Indiana vapers will be able to buy e-liquid made in other states again, and the manufacturers won’t have to play by the bizarre rules imposed in the Hoosier State.

The Seventh Circuit Court of Appeals overturned a ruling by the U.S. District Court for the
Southern District of Indiana. The appeals court said that Judge Sarah Evans Barker of the district court got it wrong when she dismissed the lawsuit, brought last year by the Right To Be Smoke Free Coalition and Legato Vapors.

The new ruling prevents Indiana from forcing its standards on manufacturers from other states. The decision was issued by a three-judge panel, with Judge David Hamilton writing for the court.

“The Act is written so as to have extraterritorial reach that is unprecedented, imposing detailed requirements of Indiana law on out-of-state manufacturing operations,” wrote Hamilton. “The Act regulates the design and operation of out-of-state production facilities, including requirements for sinks, cleaning products, and even the details of contracts with outside security firms and the qualifications of those firms’ personnel. Imposing these Indiana laws on out-of-state manufacturers violates the dormant Commerce Clause of the United States Constitution.”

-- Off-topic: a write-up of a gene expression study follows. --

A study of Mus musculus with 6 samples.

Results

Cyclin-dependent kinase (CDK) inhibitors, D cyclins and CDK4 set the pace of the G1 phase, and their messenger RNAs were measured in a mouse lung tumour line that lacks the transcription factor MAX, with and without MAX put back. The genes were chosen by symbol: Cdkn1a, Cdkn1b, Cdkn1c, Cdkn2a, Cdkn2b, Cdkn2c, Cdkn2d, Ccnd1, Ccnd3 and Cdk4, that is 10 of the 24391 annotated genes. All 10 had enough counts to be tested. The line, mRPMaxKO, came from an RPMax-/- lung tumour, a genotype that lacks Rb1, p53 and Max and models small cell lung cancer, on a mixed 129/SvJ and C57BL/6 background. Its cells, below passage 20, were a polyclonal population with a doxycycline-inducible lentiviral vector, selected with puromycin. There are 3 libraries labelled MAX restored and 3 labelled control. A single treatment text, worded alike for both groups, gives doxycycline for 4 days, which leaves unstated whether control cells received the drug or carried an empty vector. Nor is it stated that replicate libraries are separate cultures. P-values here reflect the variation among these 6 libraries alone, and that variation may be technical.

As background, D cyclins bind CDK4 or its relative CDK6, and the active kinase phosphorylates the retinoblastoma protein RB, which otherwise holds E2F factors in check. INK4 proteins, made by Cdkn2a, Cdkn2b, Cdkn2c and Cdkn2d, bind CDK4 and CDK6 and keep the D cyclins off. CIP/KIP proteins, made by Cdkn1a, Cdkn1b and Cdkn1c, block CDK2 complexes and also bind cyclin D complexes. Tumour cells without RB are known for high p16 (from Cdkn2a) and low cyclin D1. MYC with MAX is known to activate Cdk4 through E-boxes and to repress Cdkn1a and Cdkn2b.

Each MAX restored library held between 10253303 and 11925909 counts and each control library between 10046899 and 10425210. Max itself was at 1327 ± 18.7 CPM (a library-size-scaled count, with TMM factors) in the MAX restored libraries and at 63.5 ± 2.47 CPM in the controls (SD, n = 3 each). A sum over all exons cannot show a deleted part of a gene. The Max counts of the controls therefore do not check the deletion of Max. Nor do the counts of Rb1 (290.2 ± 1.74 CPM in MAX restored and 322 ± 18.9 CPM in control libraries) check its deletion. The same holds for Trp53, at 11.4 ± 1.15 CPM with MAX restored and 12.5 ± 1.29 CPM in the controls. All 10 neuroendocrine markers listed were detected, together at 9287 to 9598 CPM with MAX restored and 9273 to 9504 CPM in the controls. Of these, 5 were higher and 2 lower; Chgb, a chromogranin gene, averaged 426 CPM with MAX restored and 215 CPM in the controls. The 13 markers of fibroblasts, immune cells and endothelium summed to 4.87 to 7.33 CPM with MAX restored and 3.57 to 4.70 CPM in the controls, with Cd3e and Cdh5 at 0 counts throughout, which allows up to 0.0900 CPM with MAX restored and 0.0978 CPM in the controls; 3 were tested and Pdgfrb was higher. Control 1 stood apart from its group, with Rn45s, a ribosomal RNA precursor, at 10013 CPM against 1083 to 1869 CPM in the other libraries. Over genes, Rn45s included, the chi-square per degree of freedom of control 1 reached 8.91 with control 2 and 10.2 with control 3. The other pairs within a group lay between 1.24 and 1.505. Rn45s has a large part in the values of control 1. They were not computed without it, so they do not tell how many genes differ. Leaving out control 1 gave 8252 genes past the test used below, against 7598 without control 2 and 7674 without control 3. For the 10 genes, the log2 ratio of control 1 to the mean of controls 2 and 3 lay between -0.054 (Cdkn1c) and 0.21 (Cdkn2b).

The ruling only applies to out-of-state manufacturers however. Vape shops and Indiana e-liquid manufacturers still need a change to the law to allow in-state production of e-juice. Sen. Randy Head’s SB 1, a bill that overhauls the bizarre 2015 law, is in committee and is expected to pass through the legislature rapidly. SB 1 is supported by Indiana businesses and advocates.

The Right To Be Smoke Free Coalition was formed to fight the Indiana law, then later became a plaintiff in a major suit challenging the FDA’s deeming regulations. R2B retained the services of Washington, D.C. legal firm Keller and Heckman, LLC. Keller partner Azim Chowdhury is recognized as an expert in vapor products law, and he has handled the vaping cases, along with Eric Gotting.

The R2B/Nicopure suit is still being considered by Judge Amy Berman Jackson of the U.S. District Court for the District of Columbia. It’s expected that whichever way she rules, the losing side will appeal the decision.